August 07, 2008

By Suzanne Stephens

Paul S. Byard
Photo courtesy Platt Byard Dovell White
Paul S. Byard

Paul Spencer Byard, FAIA, a partner in the firm of Platt Byard Dovell White Architects in New York City, and the director of the historic preservation program at Columbia University, died on July 15 of colon cancer. He was 68 years old. 

Born in 1939 in New York City, Byard long advocated a modern approach to preservation and restoration, as his book, The Architecture of Additions, Design and Regulation (1998), convincingly reveals. In the book Byard argues that innovative expressive design can enhance the older, original, and often historic structure to which it is appended by adhering to certain principles. For one, the responsible addition is one that “treats the old body respectfully, like a collaboration” he writes, “and works out its insights of real value.”

Byard attempted to bring this sense of collaboration into his architecture. He was heavily involved in Platt Byard Dovell White’s design for the additions to the Green-Wood Cemetery (2006), the new 42nd Street Studio (2000), and the Chanel 57 building renovation (1997). One particular project in which Byard played a significant role was Cedar Lake Ensemble in New York, where the firm converted two garages into performance spaces (2006). Similarly, Byard’s dual interest in modern design and historic preservation influenced his contributions to the preservation program at Columbia’s Graduate School of Architecture, Planning and Preservation (GSAPP). There he initiated a joint design and preservation studio for third-year graduate students so that both disciplines could learn how to fruitfully explore together additions to significant buildings.

The theme of reconciling a split, seen in Byard’s modernist/preservationist approach to architecture, interestingly can be detected in the manner in which Byard came to this field. Byard graduated with a BA from Yale in 1961, and then got another BA in 1963 (with an MA conferred later) after studying at Clare College Cambridge. He then decided to enter Harvard Law School, from which he obtained an LLB in 1966.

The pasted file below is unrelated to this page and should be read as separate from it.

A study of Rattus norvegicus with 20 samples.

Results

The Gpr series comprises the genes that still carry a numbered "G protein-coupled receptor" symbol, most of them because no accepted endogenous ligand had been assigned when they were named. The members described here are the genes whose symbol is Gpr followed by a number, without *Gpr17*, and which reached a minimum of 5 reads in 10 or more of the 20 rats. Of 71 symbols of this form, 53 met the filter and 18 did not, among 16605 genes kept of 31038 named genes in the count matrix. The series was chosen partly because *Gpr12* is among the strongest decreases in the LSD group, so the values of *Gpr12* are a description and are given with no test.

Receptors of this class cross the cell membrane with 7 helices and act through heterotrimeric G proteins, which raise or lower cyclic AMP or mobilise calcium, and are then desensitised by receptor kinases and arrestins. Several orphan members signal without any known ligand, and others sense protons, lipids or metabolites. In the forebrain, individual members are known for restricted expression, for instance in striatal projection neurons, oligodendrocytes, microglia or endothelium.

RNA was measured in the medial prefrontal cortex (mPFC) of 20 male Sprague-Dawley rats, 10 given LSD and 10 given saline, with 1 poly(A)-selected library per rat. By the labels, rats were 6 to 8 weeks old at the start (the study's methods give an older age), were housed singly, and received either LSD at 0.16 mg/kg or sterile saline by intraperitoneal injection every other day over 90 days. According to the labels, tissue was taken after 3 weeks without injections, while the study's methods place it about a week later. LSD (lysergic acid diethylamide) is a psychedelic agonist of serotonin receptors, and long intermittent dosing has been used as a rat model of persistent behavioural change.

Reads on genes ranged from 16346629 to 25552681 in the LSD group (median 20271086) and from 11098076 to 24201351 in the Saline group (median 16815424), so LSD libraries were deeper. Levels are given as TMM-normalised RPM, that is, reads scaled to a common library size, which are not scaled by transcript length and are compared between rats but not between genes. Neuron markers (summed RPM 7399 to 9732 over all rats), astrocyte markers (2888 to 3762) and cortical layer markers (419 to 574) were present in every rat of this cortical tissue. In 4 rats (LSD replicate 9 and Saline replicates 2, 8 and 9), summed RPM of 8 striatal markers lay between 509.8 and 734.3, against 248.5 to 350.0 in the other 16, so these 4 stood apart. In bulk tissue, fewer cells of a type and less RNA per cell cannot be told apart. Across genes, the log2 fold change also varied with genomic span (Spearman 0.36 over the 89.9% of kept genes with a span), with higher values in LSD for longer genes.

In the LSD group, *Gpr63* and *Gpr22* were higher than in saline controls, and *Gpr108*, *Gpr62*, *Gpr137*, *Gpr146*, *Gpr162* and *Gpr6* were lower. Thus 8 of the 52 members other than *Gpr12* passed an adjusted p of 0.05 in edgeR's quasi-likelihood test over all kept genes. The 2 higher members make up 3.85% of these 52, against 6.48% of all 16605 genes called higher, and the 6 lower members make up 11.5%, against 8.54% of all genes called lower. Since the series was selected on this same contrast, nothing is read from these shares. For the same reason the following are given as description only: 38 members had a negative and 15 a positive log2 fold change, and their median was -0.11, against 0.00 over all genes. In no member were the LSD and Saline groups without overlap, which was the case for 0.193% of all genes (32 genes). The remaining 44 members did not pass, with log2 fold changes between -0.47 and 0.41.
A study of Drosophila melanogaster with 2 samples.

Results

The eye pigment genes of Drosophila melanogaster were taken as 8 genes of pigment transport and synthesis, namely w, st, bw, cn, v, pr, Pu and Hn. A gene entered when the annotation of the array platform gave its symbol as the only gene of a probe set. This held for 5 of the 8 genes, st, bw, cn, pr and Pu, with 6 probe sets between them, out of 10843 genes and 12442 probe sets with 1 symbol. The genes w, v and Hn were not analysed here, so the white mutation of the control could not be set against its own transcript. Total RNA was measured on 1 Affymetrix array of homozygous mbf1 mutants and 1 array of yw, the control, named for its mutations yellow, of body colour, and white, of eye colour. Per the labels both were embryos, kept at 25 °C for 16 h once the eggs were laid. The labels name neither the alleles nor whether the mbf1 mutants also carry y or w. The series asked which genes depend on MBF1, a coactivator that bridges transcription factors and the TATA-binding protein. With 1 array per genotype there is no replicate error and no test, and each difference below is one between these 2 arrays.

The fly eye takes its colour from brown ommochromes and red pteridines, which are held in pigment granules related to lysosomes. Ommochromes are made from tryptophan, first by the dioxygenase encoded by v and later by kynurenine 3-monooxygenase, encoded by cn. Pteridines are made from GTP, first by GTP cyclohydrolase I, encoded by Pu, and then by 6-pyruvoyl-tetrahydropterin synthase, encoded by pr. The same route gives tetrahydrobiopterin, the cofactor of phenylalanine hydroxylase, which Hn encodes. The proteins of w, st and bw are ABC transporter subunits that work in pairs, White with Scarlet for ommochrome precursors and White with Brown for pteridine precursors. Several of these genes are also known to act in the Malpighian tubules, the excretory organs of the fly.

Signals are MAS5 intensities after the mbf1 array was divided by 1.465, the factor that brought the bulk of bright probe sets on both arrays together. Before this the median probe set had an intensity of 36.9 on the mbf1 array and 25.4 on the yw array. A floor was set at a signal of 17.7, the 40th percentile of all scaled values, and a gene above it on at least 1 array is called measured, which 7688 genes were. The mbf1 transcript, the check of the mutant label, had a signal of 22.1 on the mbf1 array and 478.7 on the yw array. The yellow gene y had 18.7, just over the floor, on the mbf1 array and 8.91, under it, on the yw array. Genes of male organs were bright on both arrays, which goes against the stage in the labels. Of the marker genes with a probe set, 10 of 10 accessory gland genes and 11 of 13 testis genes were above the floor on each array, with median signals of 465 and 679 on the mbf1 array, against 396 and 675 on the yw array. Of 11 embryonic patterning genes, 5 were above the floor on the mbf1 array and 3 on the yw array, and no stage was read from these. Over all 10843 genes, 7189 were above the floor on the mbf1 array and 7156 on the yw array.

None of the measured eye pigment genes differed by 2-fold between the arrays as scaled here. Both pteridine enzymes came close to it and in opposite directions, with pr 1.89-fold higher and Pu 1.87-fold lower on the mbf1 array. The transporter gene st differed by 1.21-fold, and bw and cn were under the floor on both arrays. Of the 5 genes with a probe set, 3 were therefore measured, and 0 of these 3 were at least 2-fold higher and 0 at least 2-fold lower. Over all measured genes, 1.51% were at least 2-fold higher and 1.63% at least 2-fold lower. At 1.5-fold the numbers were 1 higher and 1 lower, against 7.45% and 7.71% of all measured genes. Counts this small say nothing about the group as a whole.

During Byard’s architectural career, he served on several organizations involved in planning, architecture, and preservation. His tenure as president of the New York Architectural League from 1989 to 1994 was distinctive: under his aegis, the League organized the landmark 1992 exhibition Renzo Piano Building Workshop: Selected Projects, curated by Peter Buchanan. Byard also was heavily involved in a number of socially oriented projects the League took on during those years, including Vacant Lots (1987), a design study proposing infill housing on unused property in New York. 

Byard also was on the board of the New York Landmarks Conservancy, where he was instrumental in establishing the Historic Properties Fund for the various New York City boroughs. Since 1982, the revolving loan fund has enabled more than 200 properties to receive $18 million in loans for preservation purposes.

In the architectural community, Byard was particularly memorable for his courtly yet ebullient air. With a white handkerchief (always) spilling jauntily out of his (typically tweed) jacket pocket, he would introduce the most avant-garde architect to a League presentation with a trenchant, informed, and witty commentary. 

A memorial service is planned for Byard at 4 p.m., September 15, at St. Paul’s Chapel, Columbia University.